Drew Bowser has always had a knack for providing consistent offensive production and driving the ball with authority dating back to his days as a top recruit out of Harvard-Westlake (Calif.) School.
The offensive ability that made him a sought-after high school recruit has carried over to Stanford. The slugging third baseman hit .297 with 25 home runs in his first two years at Stanford and looks to take another step forward as a junior this spring.
Although his focus remains on his on-field production, Bowser is receiving interest for July’s MLB draft. It marks the second time Bowser has experienced the draft process. He was a potential first- or second-round pick in the 2020 draft but remained firm in his commitment to Stanford.
Scouts project Bowser as an early-round pick in this year’s draft.
“I was always going to come to Stanford, but I still went through the draft meetings my senior year,” Bowser said. “I had some meetings this fall and new exactly what to expect. That experience helped me navigate meetings during the fall and how I approach it. All of that stuff is great and exciting. But once I am on the field, it is all about winning, and the rest will take care of itself.”
Bowser is a strong right-handed hitter with a quick swing that allows him to hit for above-average power. The 6-foot-4, 226-pound power hitter uses all parts of the field and produces notable exit velocities.
Defensively, Bowser moved to third base at Stanford after playing shortstop in high school. He moves well at the position and has above-average arm strength. He makes all the necessary plays and figures to stick at third base in the pro ranks.
“The biggest strength in my game is my competitiveness,” Bowser said. “I hate losing. I love to win. Being that competitor, training hard and going out there every game and giving it my all, there are no regrets at the end of the day. My competitiveness and passion, as well as the strength of my bat and power, are the biggest things in my game.”
In the offseason, Bowser worked on his mental game, in addition to his strength and speed training. It consisted of him devoting more time to growing in his faith and relationship with God. It also involved reading books, listening to podcasts and journaling.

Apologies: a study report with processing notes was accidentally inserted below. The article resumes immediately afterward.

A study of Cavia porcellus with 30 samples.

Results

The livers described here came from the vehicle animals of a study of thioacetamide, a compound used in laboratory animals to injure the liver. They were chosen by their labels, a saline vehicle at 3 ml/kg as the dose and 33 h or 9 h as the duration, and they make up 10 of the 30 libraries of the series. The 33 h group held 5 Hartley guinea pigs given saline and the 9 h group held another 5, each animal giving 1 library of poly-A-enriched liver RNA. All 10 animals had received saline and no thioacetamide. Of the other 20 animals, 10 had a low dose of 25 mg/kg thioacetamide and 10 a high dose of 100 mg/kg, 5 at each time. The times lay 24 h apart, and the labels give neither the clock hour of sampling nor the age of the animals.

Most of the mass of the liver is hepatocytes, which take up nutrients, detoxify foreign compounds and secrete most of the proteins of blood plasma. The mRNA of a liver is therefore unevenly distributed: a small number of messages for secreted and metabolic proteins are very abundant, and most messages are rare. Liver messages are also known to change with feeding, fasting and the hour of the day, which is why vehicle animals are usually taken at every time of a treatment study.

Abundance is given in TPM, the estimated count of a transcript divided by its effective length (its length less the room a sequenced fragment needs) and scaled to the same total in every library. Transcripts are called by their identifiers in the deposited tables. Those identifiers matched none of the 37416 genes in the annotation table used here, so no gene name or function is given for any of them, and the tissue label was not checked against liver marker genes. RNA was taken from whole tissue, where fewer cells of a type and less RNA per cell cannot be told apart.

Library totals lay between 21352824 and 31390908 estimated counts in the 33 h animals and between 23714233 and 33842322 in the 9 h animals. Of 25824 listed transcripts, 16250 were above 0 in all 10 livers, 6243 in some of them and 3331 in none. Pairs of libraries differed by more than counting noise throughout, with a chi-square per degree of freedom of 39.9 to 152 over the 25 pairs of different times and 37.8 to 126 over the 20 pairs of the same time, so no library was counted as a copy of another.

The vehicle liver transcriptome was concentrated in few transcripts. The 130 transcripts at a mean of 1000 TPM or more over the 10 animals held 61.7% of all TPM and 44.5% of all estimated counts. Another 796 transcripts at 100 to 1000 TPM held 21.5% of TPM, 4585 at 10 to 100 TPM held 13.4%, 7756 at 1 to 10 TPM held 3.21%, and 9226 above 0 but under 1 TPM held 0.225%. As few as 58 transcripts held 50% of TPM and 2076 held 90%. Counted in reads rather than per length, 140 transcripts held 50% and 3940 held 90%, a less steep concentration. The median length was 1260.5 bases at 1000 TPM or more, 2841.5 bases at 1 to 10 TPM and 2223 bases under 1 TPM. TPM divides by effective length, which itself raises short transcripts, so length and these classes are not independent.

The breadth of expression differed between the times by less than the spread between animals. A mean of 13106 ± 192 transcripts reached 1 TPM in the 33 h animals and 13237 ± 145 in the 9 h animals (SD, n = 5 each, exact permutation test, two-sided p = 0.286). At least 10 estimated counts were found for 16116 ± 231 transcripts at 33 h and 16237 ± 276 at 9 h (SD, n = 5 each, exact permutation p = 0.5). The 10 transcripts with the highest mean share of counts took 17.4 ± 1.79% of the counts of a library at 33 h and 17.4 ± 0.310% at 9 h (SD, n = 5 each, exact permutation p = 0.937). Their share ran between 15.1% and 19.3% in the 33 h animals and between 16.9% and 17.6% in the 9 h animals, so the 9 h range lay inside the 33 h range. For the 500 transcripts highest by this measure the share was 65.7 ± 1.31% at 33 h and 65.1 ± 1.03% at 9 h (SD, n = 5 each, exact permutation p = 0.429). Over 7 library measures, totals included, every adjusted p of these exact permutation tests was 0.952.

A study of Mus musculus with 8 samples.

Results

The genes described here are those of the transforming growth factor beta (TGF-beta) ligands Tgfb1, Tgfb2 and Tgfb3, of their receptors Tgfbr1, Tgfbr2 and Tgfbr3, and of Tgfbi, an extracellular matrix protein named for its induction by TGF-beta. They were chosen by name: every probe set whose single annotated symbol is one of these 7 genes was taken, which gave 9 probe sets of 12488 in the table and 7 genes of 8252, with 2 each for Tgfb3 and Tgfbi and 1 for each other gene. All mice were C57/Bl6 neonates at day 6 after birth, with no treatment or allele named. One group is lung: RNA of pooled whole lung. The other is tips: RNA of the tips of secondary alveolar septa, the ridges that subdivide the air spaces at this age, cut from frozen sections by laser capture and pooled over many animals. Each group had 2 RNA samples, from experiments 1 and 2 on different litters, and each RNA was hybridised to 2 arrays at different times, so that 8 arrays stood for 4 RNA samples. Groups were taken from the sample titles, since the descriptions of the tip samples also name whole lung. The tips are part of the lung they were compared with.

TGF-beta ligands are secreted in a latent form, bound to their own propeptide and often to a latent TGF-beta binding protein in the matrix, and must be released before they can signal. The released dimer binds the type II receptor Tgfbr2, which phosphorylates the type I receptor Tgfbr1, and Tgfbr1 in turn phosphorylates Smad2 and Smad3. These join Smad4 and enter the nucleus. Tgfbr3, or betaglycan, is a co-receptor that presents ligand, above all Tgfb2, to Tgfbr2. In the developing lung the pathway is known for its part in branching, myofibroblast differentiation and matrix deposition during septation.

He believes the improved mindset will allow him to remain in the present and be a better leader on the team this season.
Bowser also wants to show an improved approach at the plate this season. Last year, his strikeout numbers increased, as he tallied 77 strikeouts compared to 20 walks. He posted 38 strikeouts and 18 walks as a freshman in 2021.
“I just need to have good intentions at the plate,” Bowser said. “Last year, I sometimes tried to do too much. I’m sure a lot of guys say that, and it sounds cliché. But I genuinely think, at times, I tried to do too much. Having good intentions and not giving an at-bat away. I don’t see myself as a guy who will continue that trend. I see my guy as a freshman year who didn’t strikeout much.”
Stanford has made the College World Series in each of the last two years and will try to make it three straight this spring. Last season, the Cardinal went two and out at the CWS.
Stanford enters this season as one of the top teams in college baseball. Stanford has plenty of talent returning on the mound and to their lineup, including Bowser, infielder Tommy Troy and two-way player Braden Montgomery.
This season, Stanford will try to capture the program’s first national title since 1988.
“The past couple of years have been successes, but there is still a little bit more in the tank for what we want to accomplish,” Bowser said.